Australian police have made dozens of arrests amid anti-lockdown protests attended by hundreds nationwide.
In Melbourne, the centre of Australia's outbreak, about 300 people marched in defiance of tough measures that have been in place for a month.
Other protests took place in Sydney, Brisbane, Adelaide and Perth.
On Friday PM Scott Morrison said seven of the country's eight states and territories had agreed to open their internal borders by December.
He suggested an eventual travel bubble with New Zealand could boost tourism and help revive the economy.
"In the absence of a vaccine, we may have to live this way for years," he warned.
Confirmed virus cases in Australia have more than tripled to over 26,000 over the past two months, with deaths rising to 748 from 104 over the same period.
What happened at the protests?
In Melbourne protesters chanted "freedom" and "human rights matter" amid a heavy police presence.
Victoria Premier Daniel Andrews was also singled out - "We are in a city where the cure from Daniel Andrews is actually worse than what's happening," protester Fiona Kat told AFP.
Police said they had made 15 arrests - 14 for breaching lockdown rules and one for assaulting a police officer who received lacerations to the head. They also issued more than 150 fines for lockdown breaches.
Mr Andrews condemned the event - "It is not safe, it is not smart, it is not lawful. In fact, it is absolutely selfish for people to be out there protesting," he told reporters.
There were smaller rallies elsewhere, including two in Sydney and one in Byron Bay that turned violent, according to local media. Police made 14 arrests, including three people suspected of assaulting police officers.
The protests were largely driven by fringe online groups promoting virus-related and anti-vaccination conspiracy theories.
Police had earlier drawn criticism for the arrest of a pregnant woman for promoting the protest online. On Friday officers broke into the home of a former bodybuilder and conspiracy theorist who had also been calling for people to join the event.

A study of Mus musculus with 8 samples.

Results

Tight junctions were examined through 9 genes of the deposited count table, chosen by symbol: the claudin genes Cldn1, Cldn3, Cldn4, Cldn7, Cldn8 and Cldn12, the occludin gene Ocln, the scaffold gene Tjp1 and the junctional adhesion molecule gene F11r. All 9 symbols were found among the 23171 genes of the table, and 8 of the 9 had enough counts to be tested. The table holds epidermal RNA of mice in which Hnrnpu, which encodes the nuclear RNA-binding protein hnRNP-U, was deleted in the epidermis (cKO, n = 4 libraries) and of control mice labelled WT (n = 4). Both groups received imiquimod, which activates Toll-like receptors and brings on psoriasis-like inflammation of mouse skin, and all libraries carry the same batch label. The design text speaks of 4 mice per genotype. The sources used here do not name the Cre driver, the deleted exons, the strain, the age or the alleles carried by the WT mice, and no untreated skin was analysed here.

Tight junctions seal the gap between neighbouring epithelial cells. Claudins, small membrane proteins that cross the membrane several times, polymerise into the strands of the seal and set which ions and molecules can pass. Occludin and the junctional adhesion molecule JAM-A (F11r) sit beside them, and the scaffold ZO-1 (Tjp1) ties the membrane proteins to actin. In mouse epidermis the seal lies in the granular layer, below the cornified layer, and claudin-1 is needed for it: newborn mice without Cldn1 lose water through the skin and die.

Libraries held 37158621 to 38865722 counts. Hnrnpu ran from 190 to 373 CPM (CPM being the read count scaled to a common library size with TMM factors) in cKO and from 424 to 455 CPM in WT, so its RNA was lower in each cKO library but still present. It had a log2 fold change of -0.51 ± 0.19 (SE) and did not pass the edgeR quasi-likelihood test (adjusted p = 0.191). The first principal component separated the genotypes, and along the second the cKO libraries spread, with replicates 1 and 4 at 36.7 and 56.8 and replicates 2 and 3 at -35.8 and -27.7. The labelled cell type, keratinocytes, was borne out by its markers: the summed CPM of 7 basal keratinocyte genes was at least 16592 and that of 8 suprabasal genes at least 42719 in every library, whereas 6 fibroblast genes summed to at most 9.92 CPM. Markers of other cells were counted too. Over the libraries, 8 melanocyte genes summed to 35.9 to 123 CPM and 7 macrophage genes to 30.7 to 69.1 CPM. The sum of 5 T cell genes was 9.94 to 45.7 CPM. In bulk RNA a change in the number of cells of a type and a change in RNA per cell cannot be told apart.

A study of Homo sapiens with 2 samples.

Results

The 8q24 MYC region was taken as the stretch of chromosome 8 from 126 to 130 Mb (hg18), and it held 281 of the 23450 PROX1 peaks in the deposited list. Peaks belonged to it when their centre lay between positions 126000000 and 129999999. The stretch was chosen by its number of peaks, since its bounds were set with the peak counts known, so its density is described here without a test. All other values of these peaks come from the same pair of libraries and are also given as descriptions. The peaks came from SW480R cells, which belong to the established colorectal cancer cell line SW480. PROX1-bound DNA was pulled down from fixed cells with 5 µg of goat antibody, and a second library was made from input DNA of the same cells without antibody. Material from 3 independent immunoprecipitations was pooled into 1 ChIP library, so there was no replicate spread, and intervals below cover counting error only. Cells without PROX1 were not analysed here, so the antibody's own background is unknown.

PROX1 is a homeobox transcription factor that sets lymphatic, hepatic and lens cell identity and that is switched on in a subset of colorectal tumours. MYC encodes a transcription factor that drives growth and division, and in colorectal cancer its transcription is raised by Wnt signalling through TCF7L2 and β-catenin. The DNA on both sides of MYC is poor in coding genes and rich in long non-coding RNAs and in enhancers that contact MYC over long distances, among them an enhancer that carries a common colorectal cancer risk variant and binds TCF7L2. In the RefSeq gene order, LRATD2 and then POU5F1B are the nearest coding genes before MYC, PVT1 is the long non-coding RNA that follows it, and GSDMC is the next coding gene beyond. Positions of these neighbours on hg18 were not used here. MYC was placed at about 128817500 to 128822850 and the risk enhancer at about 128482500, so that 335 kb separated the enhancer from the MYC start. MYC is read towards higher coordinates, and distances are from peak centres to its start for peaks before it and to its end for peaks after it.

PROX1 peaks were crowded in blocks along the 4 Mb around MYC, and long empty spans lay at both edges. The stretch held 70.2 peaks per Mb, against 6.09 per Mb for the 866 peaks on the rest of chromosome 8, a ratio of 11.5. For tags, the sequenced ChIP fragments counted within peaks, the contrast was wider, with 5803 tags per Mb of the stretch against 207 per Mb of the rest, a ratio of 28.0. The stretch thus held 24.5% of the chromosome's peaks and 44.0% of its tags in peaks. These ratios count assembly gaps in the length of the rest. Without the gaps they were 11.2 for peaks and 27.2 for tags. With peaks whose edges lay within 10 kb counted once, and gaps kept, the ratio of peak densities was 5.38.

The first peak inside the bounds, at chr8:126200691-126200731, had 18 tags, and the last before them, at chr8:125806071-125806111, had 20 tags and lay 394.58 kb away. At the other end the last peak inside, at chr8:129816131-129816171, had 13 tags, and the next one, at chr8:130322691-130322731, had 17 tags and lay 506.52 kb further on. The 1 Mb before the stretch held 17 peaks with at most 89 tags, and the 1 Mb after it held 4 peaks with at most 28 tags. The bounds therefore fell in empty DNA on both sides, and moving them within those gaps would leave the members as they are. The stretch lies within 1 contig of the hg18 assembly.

Why does Melbourne have such a strict lockdown?
Victoria has been in a six-week lockdown since July to curb a coronavirus outbreak that has fuelled Australia's second wave. Authorities have imposed stay-at-home rules and a curfew in Melbourne, the state capital. The lockdown has closed many businesses and banned gatherings around the state.
Victoria accounts for 75% of Australia's total infections and 90% of all deaths. The state reported 11 deaths on Saturday and more than 70 new infections - down from the peak of 725 new infections on 5 August but more than health officials had hoped for five weeks after the restrictions came in.
On Sunday Mr Andrews is due to announce some easing of restrictions. It follows calls by Australia's federal government and businesses to that end. The state accounts for about a quarter of the country's economy.
However he has urged caution. "Until you fix the health problem, there can be no economic repair," he said.
What about the rest of Australia?
On Saturday there were five new coronavirus infections in New South Wales, one in Queensland and one in South Australia.
Mr Morrison said plans to reopen state borders by December would involve coming up with a way of managing virus hotspots.
However the geographically largest state, Western Australia, has rejected the plan until the other states have the virus under control. It has not had a local transmission for 129 days and there are no restrictions in place there.
Western Australia Premier Mark McGowan said the long desert border would remain shut to save lives and protect big mining operations.
Speaking after a national cabinet meeting on Friday, Mr Morrison said Australia could apply the hotspot approach to New Zealand as well.
Meanwhile a former prime minister of the Cook Islands, Joseph Williams, has been confirmed to have died of coronavirus in New Zealand. It is the second death there in two days and brings the country's total to 24.